Microsoft’s opening of its first cloud data centres in South Africa on March 7, marked a historic milestone for South Africa and the continent as it will allow for faster, more agile business operations and provide access to next-generation technologies.
The technology giant announced the launch of Microsoft Azure saying it was available from its new cloud regions in Cape Town and Joburg.
Cloudbox CEO Justin Trent says these enterprise-grade data centres will power cloud, artificial intelligence and edge computing innovations across the continent. “By taking the data location barrier out the way, it really does put South Africa in a first world position when it comes to technology choices.”
“The decision now comes down to functionality rather than being constrained to choices that were defined by data location. We are now able to offer South African businesses Azure hosted services in South Africa. This expands the local cloud server offering, giving us more choice to better assist our clients in finding a solution that is right for them,” he explains.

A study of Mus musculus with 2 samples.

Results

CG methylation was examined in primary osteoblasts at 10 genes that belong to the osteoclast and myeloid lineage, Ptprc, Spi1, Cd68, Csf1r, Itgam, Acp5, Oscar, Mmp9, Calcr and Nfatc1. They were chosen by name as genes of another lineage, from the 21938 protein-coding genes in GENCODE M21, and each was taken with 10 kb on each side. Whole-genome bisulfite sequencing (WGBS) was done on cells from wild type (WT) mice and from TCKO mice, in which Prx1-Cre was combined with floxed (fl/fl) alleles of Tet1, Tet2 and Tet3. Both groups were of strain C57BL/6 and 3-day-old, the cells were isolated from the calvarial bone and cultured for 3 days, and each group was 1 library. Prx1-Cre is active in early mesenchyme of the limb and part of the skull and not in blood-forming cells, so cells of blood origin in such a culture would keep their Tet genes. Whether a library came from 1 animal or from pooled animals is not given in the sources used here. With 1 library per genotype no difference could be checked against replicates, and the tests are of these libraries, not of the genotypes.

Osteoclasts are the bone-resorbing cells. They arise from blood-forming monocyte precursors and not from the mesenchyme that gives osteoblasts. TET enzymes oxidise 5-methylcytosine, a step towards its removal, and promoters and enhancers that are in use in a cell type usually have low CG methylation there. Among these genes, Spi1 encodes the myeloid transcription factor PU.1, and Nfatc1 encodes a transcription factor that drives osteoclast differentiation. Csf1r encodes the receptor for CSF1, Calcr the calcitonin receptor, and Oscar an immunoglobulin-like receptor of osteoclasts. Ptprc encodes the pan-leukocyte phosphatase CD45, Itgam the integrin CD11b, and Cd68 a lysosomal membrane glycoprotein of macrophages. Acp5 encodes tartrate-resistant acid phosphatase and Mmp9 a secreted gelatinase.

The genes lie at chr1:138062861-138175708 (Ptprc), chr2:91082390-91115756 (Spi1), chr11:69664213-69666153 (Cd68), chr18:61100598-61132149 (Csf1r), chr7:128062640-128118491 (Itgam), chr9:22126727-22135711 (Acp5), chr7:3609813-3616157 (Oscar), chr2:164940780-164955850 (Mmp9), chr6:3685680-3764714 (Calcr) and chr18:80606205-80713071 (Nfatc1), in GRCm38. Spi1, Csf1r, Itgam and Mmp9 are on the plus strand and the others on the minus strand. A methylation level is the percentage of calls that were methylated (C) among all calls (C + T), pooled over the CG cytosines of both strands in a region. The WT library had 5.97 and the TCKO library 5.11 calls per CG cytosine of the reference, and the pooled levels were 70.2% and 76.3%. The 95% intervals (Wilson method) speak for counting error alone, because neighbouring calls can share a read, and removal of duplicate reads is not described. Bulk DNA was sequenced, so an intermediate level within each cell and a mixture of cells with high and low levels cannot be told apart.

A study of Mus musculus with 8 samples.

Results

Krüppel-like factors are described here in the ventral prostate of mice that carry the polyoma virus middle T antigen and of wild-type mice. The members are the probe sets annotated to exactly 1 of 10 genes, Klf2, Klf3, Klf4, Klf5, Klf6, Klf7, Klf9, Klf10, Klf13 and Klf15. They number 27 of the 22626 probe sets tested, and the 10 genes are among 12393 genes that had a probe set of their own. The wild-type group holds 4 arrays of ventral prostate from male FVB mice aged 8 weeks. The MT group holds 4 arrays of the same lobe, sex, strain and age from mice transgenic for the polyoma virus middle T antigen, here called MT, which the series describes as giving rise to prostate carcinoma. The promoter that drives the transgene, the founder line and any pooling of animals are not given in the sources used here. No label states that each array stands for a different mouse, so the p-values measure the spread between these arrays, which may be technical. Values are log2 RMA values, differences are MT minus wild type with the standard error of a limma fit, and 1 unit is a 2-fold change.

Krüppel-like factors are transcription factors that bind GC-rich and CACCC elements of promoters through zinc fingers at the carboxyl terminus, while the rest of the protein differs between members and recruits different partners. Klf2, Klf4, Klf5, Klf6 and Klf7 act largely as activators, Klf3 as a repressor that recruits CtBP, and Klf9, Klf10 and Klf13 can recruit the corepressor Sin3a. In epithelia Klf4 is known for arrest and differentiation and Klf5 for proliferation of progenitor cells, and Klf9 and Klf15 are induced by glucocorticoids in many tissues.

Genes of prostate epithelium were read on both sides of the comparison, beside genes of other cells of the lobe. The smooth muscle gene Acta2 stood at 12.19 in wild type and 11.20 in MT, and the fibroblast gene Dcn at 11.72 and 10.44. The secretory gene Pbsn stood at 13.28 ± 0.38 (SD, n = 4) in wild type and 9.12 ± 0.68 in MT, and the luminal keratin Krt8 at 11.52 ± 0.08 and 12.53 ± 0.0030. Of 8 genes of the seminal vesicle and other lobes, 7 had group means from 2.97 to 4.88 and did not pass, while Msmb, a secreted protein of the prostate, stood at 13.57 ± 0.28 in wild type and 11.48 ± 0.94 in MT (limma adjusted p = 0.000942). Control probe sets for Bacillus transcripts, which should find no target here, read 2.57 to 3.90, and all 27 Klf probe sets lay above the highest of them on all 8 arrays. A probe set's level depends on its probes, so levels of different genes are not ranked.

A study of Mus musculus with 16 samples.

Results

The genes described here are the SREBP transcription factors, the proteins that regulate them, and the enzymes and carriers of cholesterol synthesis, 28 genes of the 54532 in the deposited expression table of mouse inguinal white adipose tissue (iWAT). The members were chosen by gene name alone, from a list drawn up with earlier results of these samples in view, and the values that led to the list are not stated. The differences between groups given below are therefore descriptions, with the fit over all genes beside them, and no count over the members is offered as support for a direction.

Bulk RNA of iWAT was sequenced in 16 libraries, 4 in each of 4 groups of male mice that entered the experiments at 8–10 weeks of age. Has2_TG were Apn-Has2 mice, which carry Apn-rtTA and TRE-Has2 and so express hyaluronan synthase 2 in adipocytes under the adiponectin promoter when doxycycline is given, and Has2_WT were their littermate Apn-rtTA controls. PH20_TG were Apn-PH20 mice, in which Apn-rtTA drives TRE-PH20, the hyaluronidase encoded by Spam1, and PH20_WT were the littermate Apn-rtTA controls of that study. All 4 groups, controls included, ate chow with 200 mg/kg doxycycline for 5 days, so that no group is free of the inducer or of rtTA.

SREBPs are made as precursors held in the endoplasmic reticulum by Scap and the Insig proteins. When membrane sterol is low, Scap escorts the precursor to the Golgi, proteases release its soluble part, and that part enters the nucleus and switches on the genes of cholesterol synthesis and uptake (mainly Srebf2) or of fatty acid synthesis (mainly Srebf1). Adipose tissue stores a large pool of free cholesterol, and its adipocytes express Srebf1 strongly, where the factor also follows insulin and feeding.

The availability of Microsoft’s intelligent cloud services to be delivered from the new data centres in South Africa means local companies can securely and reliably move their businesses to the cloud while meeting compliance requirements.
According to an IDC study, spending on public cloud services in South Africa would nearly triple over the next five years from R4.29bn in 2017 to R11.53bn in 2022 and the adoption of cloud services would generate nearly 112000 net new jobs in South Africa by the end of 2022.
Yousef Khalidi, corporate vice-president of Microsoft Azure networking, said the combination of the company’s global cloud infrastructure with the new regions in Africa would increase economic opportunity in Africa, as well as connect businesses across the globe through improved access to cloud and internet services.
Lillian Barnard, newly appointed Microsoft SA managing director, said the Microsoft Equity Equivalent investment Programme (EEIP) had evolved to include investment in technology solutions in agriculture and digital transformation in manufacturing.
Barnard said the EEIP was also funding skills development among South Africa’s young software developers and would continue investment in the Independent Software Vendors sector to strengthen local intellectual property and accelerate their growth in the global market.